Making a scratch look better

Making a scratch look better

Author
Discussion

Mr lestat

Original Poster:

2,356 posts

138 months

Monday 18th November
quotequote all
Somebody has kindly scraped the car in a car park at some point in the last week or so. Has anybody had any joy using these touchup crayons and colour wax. I do have a touchup pen but it’s rather more than a touchup pen requirement. It really needs doing properly but for the moment I’m just trying to make it look slightly better so any pointers are welcome. Just to clarify I’m not trying to repair it just make it look slightly better than it is now until its sorted. Colour wax or a colour crayon and then wax?

V6Alfisti

2,647 posts

175 months

Monday 18th November
quotequote all
A picture would help...

Mr lestat

Original Poster:

2,356 posts

138 months

Monday 18th November
quotequote all

Mr lestat

Original Poster:

2,356 posts

138 months

Monday 18th November
quotequote all
I’m only trying to make it look a little bit better

NorthDave

1,682 posts

180 months

Monday 18th November
quotequote all
I'm really interested in any replies you get as my car is covered in scratches. An old car was prepped by a garage on sale or return for me and they managed to remove a key scratch by polishing it (I think).

I've been considering buying a polishing machine from Amazon and some polish and having a go.

Weekendrebuild

625 posts

11 months

Monday 18th November

Mr lestat

Original Poster:

2,356 posts

138 months

Monday 18th November
quotequote all
Weekendrebuild said:
Compound wouldn’t even touch that ! That’s a paint job I’m afraid .
Wouldn’t the colour crayons type things do anything within some colour polish over the top?

_Hoppers

237 posts

13 months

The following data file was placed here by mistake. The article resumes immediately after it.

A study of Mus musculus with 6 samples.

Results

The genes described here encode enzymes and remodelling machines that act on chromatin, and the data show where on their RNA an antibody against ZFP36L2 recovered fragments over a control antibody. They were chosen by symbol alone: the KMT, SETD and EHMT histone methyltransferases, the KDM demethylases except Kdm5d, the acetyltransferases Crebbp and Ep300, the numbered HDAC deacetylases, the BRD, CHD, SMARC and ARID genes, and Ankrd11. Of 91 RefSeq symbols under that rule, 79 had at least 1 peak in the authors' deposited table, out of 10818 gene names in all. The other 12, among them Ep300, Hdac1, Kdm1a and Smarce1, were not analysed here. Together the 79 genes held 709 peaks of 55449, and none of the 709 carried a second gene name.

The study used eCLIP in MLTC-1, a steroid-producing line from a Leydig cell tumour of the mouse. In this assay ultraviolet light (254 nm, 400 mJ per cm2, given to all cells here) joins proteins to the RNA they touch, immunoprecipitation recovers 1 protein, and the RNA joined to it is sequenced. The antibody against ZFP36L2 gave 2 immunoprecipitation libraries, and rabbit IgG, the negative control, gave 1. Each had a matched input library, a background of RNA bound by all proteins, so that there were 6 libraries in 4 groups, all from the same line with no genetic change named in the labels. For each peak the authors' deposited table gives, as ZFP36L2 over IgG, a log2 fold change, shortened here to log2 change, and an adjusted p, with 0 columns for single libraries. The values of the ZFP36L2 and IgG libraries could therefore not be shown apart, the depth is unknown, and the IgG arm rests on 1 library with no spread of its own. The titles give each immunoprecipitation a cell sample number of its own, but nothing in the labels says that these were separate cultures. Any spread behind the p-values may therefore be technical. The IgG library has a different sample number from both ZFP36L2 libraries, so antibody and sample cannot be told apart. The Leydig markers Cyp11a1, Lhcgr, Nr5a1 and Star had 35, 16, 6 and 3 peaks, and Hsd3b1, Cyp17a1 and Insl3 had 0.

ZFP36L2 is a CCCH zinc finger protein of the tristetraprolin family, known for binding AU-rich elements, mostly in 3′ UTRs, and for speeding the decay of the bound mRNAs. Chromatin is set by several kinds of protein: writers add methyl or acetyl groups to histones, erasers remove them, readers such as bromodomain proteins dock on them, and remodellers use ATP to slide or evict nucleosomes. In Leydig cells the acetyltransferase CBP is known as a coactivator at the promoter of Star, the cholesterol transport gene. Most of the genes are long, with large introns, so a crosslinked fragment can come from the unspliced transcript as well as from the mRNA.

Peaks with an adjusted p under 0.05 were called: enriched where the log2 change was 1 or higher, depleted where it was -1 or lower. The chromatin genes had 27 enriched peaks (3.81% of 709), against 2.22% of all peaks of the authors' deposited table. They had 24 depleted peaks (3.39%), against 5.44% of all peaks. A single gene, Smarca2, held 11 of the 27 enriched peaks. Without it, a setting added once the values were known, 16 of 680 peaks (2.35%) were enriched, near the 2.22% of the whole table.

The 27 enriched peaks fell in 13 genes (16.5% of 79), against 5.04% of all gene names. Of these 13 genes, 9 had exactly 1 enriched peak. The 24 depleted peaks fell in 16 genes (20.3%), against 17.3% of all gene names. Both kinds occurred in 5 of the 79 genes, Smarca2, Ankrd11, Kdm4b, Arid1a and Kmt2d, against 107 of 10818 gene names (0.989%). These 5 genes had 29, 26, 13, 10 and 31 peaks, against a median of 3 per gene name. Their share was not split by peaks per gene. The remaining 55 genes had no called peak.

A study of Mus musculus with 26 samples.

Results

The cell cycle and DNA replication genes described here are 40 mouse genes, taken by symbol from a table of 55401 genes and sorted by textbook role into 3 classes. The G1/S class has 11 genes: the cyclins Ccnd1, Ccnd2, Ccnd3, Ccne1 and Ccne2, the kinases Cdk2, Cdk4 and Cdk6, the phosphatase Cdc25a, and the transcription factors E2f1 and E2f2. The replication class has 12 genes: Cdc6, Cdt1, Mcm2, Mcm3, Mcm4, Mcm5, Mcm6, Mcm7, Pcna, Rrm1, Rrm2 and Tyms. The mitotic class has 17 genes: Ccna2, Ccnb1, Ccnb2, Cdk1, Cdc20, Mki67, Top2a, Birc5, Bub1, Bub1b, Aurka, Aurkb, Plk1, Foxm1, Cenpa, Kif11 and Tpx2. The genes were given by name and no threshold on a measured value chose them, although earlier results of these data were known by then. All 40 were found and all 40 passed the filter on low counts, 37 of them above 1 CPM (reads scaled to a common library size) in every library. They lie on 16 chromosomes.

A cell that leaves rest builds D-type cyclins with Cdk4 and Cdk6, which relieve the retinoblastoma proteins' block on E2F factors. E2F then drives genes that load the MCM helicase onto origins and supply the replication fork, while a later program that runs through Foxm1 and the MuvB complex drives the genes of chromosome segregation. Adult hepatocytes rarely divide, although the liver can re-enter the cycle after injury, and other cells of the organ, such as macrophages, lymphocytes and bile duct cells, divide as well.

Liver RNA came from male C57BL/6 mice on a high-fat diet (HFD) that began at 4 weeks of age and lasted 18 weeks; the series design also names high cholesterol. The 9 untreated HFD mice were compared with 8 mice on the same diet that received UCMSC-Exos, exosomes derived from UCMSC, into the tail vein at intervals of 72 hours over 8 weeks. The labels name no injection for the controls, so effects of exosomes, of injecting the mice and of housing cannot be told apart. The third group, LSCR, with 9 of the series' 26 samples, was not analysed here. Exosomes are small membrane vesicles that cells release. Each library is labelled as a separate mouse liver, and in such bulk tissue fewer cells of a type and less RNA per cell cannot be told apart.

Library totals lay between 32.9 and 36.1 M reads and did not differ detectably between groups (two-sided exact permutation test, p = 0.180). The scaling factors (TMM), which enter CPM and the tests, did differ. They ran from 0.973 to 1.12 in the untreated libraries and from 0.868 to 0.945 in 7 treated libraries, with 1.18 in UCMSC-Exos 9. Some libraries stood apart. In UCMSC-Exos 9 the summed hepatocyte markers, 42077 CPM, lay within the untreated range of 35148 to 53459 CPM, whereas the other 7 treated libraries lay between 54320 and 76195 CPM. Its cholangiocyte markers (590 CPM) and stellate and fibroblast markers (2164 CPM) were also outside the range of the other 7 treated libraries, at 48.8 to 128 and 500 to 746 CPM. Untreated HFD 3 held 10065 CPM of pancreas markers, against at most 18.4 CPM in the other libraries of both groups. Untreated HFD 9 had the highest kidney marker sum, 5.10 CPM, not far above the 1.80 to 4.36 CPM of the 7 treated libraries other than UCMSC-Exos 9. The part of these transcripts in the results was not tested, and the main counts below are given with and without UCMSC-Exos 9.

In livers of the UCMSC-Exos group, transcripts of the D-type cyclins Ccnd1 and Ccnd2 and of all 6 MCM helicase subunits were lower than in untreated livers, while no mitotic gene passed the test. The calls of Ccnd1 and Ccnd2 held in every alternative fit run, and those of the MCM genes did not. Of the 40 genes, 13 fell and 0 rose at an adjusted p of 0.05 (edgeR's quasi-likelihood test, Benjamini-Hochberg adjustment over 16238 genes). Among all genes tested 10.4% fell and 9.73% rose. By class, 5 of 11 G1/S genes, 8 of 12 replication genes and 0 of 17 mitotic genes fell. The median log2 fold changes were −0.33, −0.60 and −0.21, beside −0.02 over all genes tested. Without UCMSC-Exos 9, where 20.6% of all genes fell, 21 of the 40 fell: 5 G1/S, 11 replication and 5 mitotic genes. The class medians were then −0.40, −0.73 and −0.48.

Monday 18th November
quotequote all
You could try Chipex

Weekendrebuild

625 posts

11 months

Monday 18th November
quotequote all
Not really my brother is a painter . There what I would call gouges not scratches anything you can feel with your nail requires a degree of sanding , you have 0 paint left laugh

an what look like creases in the body.

InitialDave

5,933 posts

67 months

Monday 18th November
quotequote all
Touching in the scratches with colour matched paint will make it look "better", but that's never going to look decent without some work.

Mr lestat

Original Poster:

2,356 posts

138 months

Monday 18th November
quotequote all
I know it needs doing properly. It’s a temp measure so it doesn’t look too bad till it gets sorted properly

Demelitia

94 posts

4 months

Monday 18th November
They might charge you extra for the hassle.

Is it a front wing? If so, it might be worth just trying to get one from a breakers or off eBay and get a garage to fit it for you.

ATG

16,253 posts

220 months

Tuesday 19th November

Somewhat off topic, but I was amazed how effectively a modest dab of lip balm "repaired" some light scratches.

Mr lestat

Original Poster:

2,356 posts

138 months

Tuesday 19th November
quotequote all
It’s passenger side back wing on a mini

budgie smuggler

3,911 posts

107 months

Tuesday 19th November
quotequote all
ATG said:
Removing the crayon stuff the OP has mentioned should be easy. Might as well give it a go. It's not going to do any harm and might improve it.

Somewhat off topic, but I was amazed how effectively a modest dab of lip balm "repaired" some light scratches.
Yep, panel wipe removes it in seconds.

On an old car I had, I used the Turtlewax 'lipstick' to fill in a scratch and it lasted a month or two. Did the job.

Peanut Gallery

1,582 posts

58 months

Tuesday 19th November

Trip to Halfords, bottle of paint made up, and either a very very small paint brush or the tip of a cocktail stick / toothpick and I slowly filled it up, gently sanding back with a small fine wet sanding block. Scratch was still visible, but was now only visible if you knew where to look as opposed to shouting from across the road.